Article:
I understand how the whole thing is and am not asking for the mechanism. But why has nature selected this manner instead of say, conservative or dispersive? What is the advantage of this?

Another thing as well that has really puzzled me as a biology student is, why does DNA have T and RNA have U? What happened in bases in evolution to cause this to happen? Why can DNA not have U base?

Thank you guys for any answers!

I think semiconservative replication is simply the only way it can work. Faithful DNA replication depends on hydrogen bonding between complimentary bases. That means that the original strands have to be separated at some point in the process. Therefore, a conservative or a dispersive method would both require separating the original strands and then putting them back together again. Letting the new strand and its template is simply more efficient.

As to your second question... I honestly don't know. I think it has something to do with the chemical stability of deoxy-thymidine as opposed to deoxy-uridine. Someone with a better background in biochemistry may have a better idea.

One reason I can think of why DNA has Thymine rather than Uracil is that having Uracil would increase the overall mutation rate.  That is because Cytosine (a normal DNA base) spontaneously deaminates to Uracil at a fairly high rate.  Normally, DNA repair enzymes can replace the Uracil with a Cytosine.  If Uracil were a normal DNA base, however, there would be a high mutation rate in the complementary strand of DNA of Guanine (which pairs with Cytosine) to Adenine (which pairs with Uracil or Thymine).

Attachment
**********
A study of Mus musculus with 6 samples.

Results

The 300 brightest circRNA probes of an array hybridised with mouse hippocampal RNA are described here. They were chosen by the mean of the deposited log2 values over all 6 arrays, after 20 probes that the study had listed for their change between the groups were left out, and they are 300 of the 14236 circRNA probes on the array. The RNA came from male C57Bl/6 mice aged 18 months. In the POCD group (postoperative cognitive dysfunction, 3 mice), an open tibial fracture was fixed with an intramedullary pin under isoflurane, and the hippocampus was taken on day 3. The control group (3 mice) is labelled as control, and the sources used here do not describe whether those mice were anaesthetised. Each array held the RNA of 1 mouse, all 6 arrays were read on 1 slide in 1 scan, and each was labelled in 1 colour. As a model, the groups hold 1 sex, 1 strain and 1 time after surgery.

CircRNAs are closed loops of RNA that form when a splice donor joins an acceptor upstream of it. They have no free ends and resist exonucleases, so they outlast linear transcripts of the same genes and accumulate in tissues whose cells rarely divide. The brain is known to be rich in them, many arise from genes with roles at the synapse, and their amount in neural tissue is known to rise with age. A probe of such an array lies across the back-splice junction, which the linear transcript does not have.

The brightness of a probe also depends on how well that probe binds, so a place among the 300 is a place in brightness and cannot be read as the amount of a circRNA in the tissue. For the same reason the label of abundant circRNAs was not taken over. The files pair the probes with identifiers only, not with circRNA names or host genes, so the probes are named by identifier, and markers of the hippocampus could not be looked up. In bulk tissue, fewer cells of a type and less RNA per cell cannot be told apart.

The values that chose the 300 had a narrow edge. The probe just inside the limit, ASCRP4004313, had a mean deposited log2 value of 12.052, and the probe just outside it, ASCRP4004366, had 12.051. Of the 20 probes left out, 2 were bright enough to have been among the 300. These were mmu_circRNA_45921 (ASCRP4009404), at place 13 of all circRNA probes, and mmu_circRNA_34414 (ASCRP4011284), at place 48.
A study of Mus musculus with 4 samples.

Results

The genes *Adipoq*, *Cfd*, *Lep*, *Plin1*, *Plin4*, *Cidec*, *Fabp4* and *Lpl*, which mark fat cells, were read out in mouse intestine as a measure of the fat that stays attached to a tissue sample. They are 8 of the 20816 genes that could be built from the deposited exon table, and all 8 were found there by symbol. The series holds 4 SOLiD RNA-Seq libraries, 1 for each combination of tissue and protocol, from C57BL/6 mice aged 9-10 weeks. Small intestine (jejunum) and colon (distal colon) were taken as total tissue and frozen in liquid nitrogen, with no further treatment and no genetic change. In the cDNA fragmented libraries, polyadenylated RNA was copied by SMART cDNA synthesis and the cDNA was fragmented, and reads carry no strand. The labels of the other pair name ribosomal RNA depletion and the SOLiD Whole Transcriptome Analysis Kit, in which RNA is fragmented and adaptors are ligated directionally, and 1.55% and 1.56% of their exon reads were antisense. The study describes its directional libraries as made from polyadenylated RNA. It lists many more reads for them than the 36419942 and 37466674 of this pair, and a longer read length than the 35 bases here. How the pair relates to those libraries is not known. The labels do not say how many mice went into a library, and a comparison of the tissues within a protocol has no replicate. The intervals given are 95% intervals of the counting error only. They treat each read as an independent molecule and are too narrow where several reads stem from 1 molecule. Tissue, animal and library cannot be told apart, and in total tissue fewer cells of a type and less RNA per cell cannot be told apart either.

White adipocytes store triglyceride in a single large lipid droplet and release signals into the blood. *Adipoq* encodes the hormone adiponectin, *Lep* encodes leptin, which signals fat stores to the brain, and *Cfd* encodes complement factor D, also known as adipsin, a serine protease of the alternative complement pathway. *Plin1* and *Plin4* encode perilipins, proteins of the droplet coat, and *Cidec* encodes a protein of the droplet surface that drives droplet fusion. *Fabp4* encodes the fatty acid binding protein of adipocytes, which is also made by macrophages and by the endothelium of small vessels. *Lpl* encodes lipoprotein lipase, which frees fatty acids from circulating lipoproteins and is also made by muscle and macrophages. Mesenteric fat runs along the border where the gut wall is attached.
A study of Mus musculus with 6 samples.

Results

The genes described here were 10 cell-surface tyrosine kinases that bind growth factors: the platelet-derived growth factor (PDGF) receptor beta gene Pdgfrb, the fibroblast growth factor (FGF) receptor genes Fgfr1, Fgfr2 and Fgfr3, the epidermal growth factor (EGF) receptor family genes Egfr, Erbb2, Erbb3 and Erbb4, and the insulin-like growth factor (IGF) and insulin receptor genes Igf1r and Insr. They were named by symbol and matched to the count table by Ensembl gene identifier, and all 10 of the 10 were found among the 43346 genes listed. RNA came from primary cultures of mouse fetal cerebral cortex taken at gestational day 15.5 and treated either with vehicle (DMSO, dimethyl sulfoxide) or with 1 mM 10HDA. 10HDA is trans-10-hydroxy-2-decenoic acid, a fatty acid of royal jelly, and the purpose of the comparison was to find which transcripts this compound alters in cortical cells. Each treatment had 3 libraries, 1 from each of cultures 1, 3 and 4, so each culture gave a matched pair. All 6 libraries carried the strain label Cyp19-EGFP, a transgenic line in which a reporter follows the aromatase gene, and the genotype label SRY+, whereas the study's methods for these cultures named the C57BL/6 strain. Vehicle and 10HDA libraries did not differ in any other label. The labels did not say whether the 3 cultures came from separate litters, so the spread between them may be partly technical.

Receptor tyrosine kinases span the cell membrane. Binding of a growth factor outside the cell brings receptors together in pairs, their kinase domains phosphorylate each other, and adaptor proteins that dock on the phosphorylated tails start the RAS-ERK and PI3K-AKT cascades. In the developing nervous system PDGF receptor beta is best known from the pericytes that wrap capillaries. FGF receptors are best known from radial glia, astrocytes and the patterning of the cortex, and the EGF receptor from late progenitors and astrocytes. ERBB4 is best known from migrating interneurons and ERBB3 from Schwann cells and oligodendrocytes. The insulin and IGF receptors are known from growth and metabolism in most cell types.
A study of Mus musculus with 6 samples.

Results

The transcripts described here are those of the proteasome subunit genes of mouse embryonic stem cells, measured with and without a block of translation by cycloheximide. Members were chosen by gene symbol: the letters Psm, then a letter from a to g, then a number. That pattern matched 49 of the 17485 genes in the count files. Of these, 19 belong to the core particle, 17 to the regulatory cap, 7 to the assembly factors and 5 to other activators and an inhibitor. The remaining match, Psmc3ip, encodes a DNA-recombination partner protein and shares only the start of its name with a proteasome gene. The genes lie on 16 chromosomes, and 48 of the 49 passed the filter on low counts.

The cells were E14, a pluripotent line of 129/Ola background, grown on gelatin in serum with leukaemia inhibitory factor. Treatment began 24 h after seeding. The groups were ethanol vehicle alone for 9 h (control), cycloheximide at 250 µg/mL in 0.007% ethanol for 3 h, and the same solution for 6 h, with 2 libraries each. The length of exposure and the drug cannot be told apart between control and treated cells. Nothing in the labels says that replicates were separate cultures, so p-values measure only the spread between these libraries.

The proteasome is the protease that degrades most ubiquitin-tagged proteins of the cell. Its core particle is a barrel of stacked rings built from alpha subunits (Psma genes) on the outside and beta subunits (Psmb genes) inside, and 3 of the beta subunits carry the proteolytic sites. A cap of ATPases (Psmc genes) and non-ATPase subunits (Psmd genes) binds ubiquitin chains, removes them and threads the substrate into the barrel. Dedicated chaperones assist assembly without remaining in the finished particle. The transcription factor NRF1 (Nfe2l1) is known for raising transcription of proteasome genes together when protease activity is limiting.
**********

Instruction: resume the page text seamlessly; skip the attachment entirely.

That's a good reason for DNA to use thymine instead of uracil, but the next question is 'why does RNA use uracil instead of thymine?'. In other words: why use uracil at all? I assume that cytosine can spontaneously deaminate into uracil in its RNA form just as easily as it can in its DNA form. That would not lead to a permanent mutation, but it would lead to mistakes in translation.

Good points above.  The origin and evolution of these molecules is quite a hot topic in evolutionary biology.  It's useful to remember that RNA preceded DNA in evolution.  As mentioned above, RNA is prone to cysteine deamination, and the 2' ribose reactive oxygen can attack phosphodiester bonds causing strand breakage.  It's thought that the first evolutionary step toward DNA from RNA came in the form of U-DNA viruses (some still exist in fact) which were relatively resistant to host RNAses.  As mentioned above, the replacement of uracil with thymine (phosphorylated uracil) in DNA allowed for the repair of deaminated cysteines. 

Briefly, according to this popular theory, RNA cells later acquired DNA and their early replicative mechanisms from these viruses.  The improved stability and replicative properties of DNA were a prerequisite for the formation of large genomes and the evolution of modern cells.  However, RNA was by no means made obsolete: DNA was a late-comer, so to speak, and RNA-based translational machinery had already evolved.